Vertical Turbine Pumps

What is a vertical turbine pump?

A specialized centrifugal pumps designed to move water from a well or reservoir that is deep underground. Also known a deep well turbine pump or a lineshaft turbine pump, it is one of two main types of turbine pumps. 

The two main types of turbine pumps are vertical turbine pumps and submersible turbine pumps. While submersible pumps have the electric motor located underwater at the bottom of the pump, vertical turbine pumps have the motor located above ground, connected via a long vertical shaft to impellers at the bottom of the pump. The term “turbine” in the pump name is somewhat of a misnomer, as this pump type has nothing to do with a turbine.

How do they work?

The pumps are usually driven by an AC electric induction motor or by a diesel engine through a right angle drive. The pump end consists of at least one rotating impeller that is attached to a shaft and directs the well water into a diffuser casing called a bowl.

Multi-stage configurations use multiple impellers on the same shaft to create higher pressure that would be needed for deeper wells or higher required pressure (head) at ground level.

Vertical turbine pumps work when water enters the pump at the bottom through a bell-shaped part called the suction bell. From there it moves into the first stage impeller, which raises the water’s velocity. The water then enters the diffuser bowl immediately above the impeller, where this high velocity energy is converted into high pressure. The bowl also directs the fluid into the next impeller located immediately above the bowl, and this process continues through all of the stages of the pump. 

After the water leaves the last diffuser bowl, it passes through a long vertical column pipe as it rises up the well bore toward the surface. The spinning shaft inside this column is supported at three- or five-foot intervals with sleeve bushings that are mounted inside the column and lubricated by the water moving past them. At the surface is the pump discharge head, which allows the flow to change direction, toward the discharge pipe. A vertical high thrust A.C. motor is mounted above the discharge head.

Where are they used?

They are primarily used wherever a submersible pump is not possible, because the flow is above the range of turbines, or because the owner prefers a conventional motor mounted at the top of the pump.

They are commonly used in wells that are bored to provide agricultural or turf irrigation, or to provide water supply for municipalities that rely on ground water rather than surface water. They are also used to provide plant make-up water and fire water for industrial plants.


They are very versatile, with flows ranging from around 50 gpm to 30,000 gpm and higher. The pump is also very versatile as to the amount of head generated, as the pump can be built with one stage or many. These advantages make it one of the most common types of centrifugal pumps, and it’s used in many commercial, industrial, municipal, and agricultural applications.

Here are a few vertical turbine pump manufacturers to consider.

Vertical Turbine Pump Manufacturers
Patterson Pump Company (Pump Manufacturer)

Water applications - Patterson makes its H2O Works™ Vertical Turbine pump for the industrial, municipal and power applications. The high-pressure vertical turbine design is capable of handling flows in excess of 30,000 gpm with discharge heads from 6 inch to 14 inch. Bowls are available in diameters ranging from 12 inch through 40 inch Open line shaft construction is standard; enclosed line shafts are available.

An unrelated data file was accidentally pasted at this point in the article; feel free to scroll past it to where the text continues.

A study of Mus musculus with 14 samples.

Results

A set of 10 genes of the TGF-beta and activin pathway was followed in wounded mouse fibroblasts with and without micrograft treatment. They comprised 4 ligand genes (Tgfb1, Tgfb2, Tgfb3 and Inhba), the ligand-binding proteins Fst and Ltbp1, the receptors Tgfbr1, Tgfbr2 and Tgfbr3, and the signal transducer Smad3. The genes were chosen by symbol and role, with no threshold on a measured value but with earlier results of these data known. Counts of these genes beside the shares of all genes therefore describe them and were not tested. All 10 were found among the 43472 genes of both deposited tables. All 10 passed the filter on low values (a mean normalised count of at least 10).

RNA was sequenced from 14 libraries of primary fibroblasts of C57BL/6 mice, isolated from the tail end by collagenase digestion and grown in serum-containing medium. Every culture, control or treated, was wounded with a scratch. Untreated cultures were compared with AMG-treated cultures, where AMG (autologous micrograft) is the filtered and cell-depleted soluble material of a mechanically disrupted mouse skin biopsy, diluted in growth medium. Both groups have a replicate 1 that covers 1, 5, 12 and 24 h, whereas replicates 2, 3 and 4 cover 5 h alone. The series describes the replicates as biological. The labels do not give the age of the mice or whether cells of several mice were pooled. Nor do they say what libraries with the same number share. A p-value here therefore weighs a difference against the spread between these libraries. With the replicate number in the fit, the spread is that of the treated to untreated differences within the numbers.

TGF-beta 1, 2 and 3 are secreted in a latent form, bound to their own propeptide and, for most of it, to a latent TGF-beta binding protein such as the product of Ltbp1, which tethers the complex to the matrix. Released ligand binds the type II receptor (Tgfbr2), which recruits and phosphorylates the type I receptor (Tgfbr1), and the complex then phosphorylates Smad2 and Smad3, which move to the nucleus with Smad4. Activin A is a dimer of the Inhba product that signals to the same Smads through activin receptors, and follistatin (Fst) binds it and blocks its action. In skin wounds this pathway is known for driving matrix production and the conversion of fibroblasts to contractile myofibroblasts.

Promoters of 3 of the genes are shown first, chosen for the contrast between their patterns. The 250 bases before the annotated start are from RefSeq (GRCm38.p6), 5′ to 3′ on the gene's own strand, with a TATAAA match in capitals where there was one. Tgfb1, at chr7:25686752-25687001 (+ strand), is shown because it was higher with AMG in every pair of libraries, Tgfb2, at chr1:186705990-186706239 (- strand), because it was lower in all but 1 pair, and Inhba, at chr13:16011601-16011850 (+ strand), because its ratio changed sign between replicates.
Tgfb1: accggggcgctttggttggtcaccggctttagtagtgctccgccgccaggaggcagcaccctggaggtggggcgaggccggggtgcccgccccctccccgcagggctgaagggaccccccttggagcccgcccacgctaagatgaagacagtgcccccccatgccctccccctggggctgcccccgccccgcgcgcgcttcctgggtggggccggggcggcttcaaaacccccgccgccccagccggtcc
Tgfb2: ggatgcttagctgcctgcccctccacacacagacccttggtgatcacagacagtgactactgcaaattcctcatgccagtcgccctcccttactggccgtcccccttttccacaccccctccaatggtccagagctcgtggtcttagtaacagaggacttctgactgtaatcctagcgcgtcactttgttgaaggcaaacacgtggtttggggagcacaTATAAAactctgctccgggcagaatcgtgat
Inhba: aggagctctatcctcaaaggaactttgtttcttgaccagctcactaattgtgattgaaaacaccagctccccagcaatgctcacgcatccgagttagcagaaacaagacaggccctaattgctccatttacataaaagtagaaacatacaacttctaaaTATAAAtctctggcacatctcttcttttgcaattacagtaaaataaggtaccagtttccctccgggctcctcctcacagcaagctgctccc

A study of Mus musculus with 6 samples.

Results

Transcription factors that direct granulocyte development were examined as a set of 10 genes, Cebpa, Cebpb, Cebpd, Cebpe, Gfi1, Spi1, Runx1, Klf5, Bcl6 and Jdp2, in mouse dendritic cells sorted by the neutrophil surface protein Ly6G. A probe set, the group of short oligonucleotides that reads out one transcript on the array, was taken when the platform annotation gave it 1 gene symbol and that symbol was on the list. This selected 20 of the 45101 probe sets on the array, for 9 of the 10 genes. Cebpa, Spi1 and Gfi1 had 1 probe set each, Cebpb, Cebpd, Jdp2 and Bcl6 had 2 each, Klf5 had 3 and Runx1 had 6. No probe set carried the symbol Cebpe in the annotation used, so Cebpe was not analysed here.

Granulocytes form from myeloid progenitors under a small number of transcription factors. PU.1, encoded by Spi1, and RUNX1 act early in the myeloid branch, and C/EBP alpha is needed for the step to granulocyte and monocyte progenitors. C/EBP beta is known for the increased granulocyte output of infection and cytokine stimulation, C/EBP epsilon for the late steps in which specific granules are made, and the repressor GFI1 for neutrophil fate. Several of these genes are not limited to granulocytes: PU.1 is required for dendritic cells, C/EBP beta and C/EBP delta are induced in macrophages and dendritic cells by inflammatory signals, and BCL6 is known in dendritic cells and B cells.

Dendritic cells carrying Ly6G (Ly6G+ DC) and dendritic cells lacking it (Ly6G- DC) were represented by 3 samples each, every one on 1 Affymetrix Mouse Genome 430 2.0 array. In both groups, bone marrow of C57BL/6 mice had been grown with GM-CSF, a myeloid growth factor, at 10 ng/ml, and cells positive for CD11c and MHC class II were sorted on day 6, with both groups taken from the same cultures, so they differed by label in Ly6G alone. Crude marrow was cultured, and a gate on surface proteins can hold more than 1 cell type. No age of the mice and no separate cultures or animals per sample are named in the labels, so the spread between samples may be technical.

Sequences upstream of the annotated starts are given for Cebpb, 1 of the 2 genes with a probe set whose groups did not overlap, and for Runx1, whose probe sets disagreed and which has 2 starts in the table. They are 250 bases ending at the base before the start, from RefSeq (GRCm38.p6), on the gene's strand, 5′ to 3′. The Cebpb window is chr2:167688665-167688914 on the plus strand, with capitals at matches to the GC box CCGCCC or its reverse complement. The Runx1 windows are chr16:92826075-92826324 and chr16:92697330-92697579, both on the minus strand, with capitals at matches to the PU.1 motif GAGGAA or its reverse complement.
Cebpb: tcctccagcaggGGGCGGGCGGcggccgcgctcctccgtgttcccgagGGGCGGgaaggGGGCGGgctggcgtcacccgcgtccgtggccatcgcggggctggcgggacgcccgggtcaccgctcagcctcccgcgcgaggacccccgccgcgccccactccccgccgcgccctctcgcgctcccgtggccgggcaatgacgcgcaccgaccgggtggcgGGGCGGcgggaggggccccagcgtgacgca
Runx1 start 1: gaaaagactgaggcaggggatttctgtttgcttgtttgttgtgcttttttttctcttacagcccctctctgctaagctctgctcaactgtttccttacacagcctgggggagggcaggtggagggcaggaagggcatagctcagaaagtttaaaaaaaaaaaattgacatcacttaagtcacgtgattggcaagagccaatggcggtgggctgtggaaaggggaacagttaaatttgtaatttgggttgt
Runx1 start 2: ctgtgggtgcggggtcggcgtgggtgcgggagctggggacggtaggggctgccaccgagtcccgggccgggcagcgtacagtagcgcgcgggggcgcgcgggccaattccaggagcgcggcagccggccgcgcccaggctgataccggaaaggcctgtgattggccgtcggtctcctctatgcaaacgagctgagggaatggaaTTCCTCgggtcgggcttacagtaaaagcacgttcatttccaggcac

Wastewater and industrial applications – The company produces its H2O Works™ Multi-Purpose Vertical Turbine for solids handling applications in water treatment, industrial, flood control, municipal and water supply applications. Bowl sizes from 12 in. to 40 in. deliver capacities from 1,500 gpm to 20,000 gpm. Standard units have cast iron discharge heads, fabricated steel columns, stainless steel head and bowl shafts, alloy steel line shaft and cast iron bronze fitted bowls.

Fire suppression – Patterson’s Sentinel™ Vertical Turbine Fire Pump utilizes the latest design concepts and engineering technology for fighting fire. The pumps standard construction offers cast iron discharge heads with a fabricated steel column, stainless steel head and bowl shafts, or alloy steel line shaft and cast iron bronze fitted bowls. No priming is necessary to provide flows from 500 to 5,000 gpm, with pressures in excess of 350 psi.

Ruhrpumpen (Pump Manufacturer)

Ruhrpumpen produces vertical turbine pumps for the industrial, municipal, well and irrigation, and fire service markets.  The companies VTP pump model can accommodate max flows up 60,000 gpm and heads to 2,500 ft.  The product is available with cast iron bowls and aluminum bronze impellers. The HQ pump also allows for 60,000 gpm and is ideal for various water applications as well as hydrocarbon and chemical process markets.

Ruhrpumpen also manufacturers a vertical turbine fire pump for commercial and high rise buildings, power stations, and oil/gas and chemical process applications. The pumps are produced in any number of stages depending on the client’s specific pressure requirements.

Expert Advice

Understanding a few key factors before buying a vertical turbine pump can prevent unnecessary maintenance costs. Author provides some advice when shopping for and installing the pumps motor, discharge head, bowl assembly, and column & lineshaft.

Incorrectly installed suction and discharge piping can create stresses on the pump casing and thus reducing the reliability of the seal and bearings. Read tips on how to eliminate this occurance.

Dr. Lev Nelik recommends some valuable steps you can take to extend the life of your pump and ensure its operating under optimum conditions.